Keywords include local interaction, Innovation systems, reflexive translations, Knowledge flows, mutual expectations, strange alliances, co-evolve and social infrastructure.

Non-governmental actors are so many over the world (known and unknown, recognized and unrecognized)) with sub-groups that doubled over the years since the Millennium Development Goals (MDGs) and now the Sustainable Development Goals (SDGs). The challenge has not always been generating new knowledge because so far, the world has sufficient knowledge to collaborate and solve pressing wicked problems like Climate Change. The problem is at the point of productive partnerships and what next to do when we discover a solution. How do we innovate and implement our grand visions or designs?

The Triple Helix model highlighting 3 types of University-Industry-Government interaction reinforces the impact of effective communication in achieving “niche management and human capital development”. The authors mentioned the “future of location of research” regarding how metropolitan New York and countries like Sweden can catch up with the high-tech industry buzz. I understand this paper was published in 1998 and for these two regions of the world, things have changed drastically, I would say the rest of the world is playing catch up these days when you look at it through the innovation lens under the SDGs and Circular Economy. There is also the mention of transnational and cross-disciplinary collaboration aided by nation-states (and key stakeholders) such that bureaucracy can be politically and functionally productive in responding to socially relevant problems.

Stating that 90 papers were presented and 36 panelists at the second international Triple Helix conference with more than 160 delegates, I find it interesting that the question of “the university being an ivory tower of independent reflection or a generator of economic wealth” comes up. My mind goes to the question of the essence of research and outcomes like research papers if no one is actually reading it outside academia. If colleagues and students are the only ones reading my papers published in academic journals, should I then worry about real-world impact? Should we be more focused on the number of citations or the real-world impact in managing socially relevant problems? This is the challenge when collaborating with Non-Governmental Organizations (NGOs) under the Triple Helix model. The case for universities and other knowledge-generating institutions to become reflexive and open in sharing knowledge instead of locking it within their walls is presently a controversial issue. A journal sued ResearchGate for having their published content on the platform even though it is the authors of the papers that shared it which clearly is not supposed to be a case of plagiarism but should be seen as a way to improve knowledge accessibility but that is still a contentious opinion. If creating local knowledge is now important because more cases are being made for context-specific approaches, then the issue of patency could be reviewed to allow global ideas in one part of the world to become transformed and translated (or maybe redesigned, remodeled) within local spaces (and resources). Again, this is from 1998, many open-source spaces (hubs), and competitions are now being created with funds and founders from all over the world.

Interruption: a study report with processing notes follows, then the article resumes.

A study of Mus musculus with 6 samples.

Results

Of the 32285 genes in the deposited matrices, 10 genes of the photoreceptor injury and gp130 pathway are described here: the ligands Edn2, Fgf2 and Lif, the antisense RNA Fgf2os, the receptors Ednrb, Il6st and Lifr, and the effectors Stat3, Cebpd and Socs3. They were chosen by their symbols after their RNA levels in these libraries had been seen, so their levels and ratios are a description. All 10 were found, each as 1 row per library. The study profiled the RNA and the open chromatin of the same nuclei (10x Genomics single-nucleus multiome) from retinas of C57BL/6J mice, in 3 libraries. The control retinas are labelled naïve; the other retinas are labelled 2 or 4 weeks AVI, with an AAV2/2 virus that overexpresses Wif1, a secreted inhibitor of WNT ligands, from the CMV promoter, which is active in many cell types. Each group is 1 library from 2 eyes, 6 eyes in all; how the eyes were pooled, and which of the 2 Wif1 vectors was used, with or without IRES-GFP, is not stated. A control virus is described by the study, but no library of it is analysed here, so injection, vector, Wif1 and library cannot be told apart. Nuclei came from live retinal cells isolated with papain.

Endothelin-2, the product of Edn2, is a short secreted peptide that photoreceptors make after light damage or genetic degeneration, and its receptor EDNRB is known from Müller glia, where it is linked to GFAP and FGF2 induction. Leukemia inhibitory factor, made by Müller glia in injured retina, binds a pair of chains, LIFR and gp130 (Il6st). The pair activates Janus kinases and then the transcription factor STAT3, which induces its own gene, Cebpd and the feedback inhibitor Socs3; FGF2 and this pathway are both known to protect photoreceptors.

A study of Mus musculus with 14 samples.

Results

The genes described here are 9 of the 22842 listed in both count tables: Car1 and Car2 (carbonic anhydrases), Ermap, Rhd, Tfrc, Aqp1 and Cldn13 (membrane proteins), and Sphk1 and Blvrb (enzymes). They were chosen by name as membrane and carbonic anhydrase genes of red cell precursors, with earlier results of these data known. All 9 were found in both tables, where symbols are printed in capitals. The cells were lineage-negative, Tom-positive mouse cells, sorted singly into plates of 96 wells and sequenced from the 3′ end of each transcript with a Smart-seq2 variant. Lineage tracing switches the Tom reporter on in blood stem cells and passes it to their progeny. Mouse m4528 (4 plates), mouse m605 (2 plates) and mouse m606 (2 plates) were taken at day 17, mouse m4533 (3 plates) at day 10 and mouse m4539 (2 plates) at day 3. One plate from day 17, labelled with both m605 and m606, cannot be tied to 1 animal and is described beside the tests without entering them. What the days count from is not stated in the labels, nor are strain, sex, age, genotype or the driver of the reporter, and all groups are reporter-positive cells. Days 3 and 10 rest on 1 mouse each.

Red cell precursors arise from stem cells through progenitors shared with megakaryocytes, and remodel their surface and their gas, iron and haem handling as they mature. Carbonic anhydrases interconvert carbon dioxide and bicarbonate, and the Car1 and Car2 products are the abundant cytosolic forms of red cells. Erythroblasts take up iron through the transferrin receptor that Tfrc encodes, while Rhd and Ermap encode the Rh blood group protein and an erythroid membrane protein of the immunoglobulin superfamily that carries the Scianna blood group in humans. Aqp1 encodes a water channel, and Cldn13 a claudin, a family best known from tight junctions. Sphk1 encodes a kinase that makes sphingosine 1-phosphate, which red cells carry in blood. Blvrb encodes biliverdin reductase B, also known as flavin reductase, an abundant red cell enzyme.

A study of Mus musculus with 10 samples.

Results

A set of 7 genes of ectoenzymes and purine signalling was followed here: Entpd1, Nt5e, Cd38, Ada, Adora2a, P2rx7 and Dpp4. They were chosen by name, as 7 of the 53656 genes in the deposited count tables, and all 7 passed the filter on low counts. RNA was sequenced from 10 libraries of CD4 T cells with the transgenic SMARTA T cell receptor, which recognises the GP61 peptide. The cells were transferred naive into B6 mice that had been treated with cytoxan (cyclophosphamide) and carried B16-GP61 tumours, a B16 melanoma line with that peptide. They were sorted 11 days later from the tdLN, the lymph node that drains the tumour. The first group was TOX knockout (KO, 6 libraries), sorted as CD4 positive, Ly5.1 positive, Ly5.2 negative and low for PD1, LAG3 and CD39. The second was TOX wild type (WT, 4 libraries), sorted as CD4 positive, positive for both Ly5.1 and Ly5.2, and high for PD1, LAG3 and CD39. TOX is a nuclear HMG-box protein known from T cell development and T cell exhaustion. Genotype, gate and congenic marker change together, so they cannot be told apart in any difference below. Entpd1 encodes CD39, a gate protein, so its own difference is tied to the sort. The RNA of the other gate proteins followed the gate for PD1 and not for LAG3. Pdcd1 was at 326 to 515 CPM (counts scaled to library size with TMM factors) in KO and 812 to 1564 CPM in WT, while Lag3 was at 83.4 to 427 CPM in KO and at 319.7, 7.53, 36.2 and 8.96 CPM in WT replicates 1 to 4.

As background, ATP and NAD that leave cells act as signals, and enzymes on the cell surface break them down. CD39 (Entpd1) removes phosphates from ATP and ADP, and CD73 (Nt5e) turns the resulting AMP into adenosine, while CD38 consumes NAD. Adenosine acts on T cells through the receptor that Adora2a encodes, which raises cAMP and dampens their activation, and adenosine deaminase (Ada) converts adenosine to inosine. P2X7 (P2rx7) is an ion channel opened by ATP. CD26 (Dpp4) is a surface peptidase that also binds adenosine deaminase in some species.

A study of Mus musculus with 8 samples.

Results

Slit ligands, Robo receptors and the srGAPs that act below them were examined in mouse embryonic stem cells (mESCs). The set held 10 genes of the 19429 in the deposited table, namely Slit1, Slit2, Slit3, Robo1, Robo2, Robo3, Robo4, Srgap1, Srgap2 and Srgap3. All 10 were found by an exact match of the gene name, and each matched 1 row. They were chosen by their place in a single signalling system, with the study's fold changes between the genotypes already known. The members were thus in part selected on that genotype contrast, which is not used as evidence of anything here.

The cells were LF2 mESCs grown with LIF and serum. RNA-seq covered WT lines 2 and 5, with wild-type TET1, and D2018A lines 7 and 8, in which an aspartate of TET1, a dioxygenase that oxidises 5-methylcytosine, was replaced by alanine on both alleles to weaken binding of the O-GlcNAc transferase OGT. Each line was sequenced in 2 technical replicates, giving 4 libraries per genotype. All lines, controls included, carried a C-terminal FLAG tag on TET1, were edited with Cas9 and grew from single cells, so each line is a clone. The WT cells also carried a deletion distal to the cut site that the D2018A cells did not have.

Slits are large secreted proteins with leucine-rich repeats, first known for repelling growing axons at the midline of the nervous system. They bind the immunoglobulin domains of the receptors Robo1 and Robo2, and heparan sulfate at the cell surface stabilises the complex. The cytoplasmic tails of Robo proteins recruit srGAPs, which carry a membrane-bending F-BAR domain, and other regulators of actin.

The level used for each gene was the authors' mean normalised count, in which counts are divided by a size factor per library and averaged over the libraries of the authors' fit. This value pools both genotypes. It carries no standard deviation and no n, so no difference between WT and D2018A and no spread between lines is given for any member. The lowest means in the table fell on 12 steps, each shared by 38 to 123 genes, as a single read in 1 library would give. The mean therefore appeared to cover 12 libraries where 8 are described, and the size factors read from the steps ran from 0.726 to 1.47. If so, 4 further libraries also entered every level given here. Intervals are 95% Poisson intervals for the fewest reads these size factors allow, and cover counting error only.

I liked how the authors elaborated on the forms of the Triple Helix models (based on institutions, communication systems and alternated roles). Notable is that Triple Helix can be “explored through formal modeling” and despite the complexity, can be a vital inclusive and heuristic guide to understanding interactions. The emphasis on institutions, layers of influence, value systems and codes when finding a balance with the different dimensions of interaction between industry, government and institutions is another practical challenge facing the policy-practical action interface. Knowing the right information to share, how and when to communicate cannot be underrated.

Finally, embracing the inevitability of conflict in such multisectoral collaborations is something that excites me about this paper. Seeing conflict as a “’ blessing” and creating space for it as a tool instead of wasting such a learning opportunity has me nodding my head. Recognizing differences and integrating these differences, focusing less on achieving uniformity at all costs for steps to be taken will play a key role in practicalizing the Triple Helix model for innovation. Maybe, I would say the Precautionary Principle comes to mind in saying that we should not wait for everything to be perfect before we act in the face of pressing issues but that would be a whole topic for another day.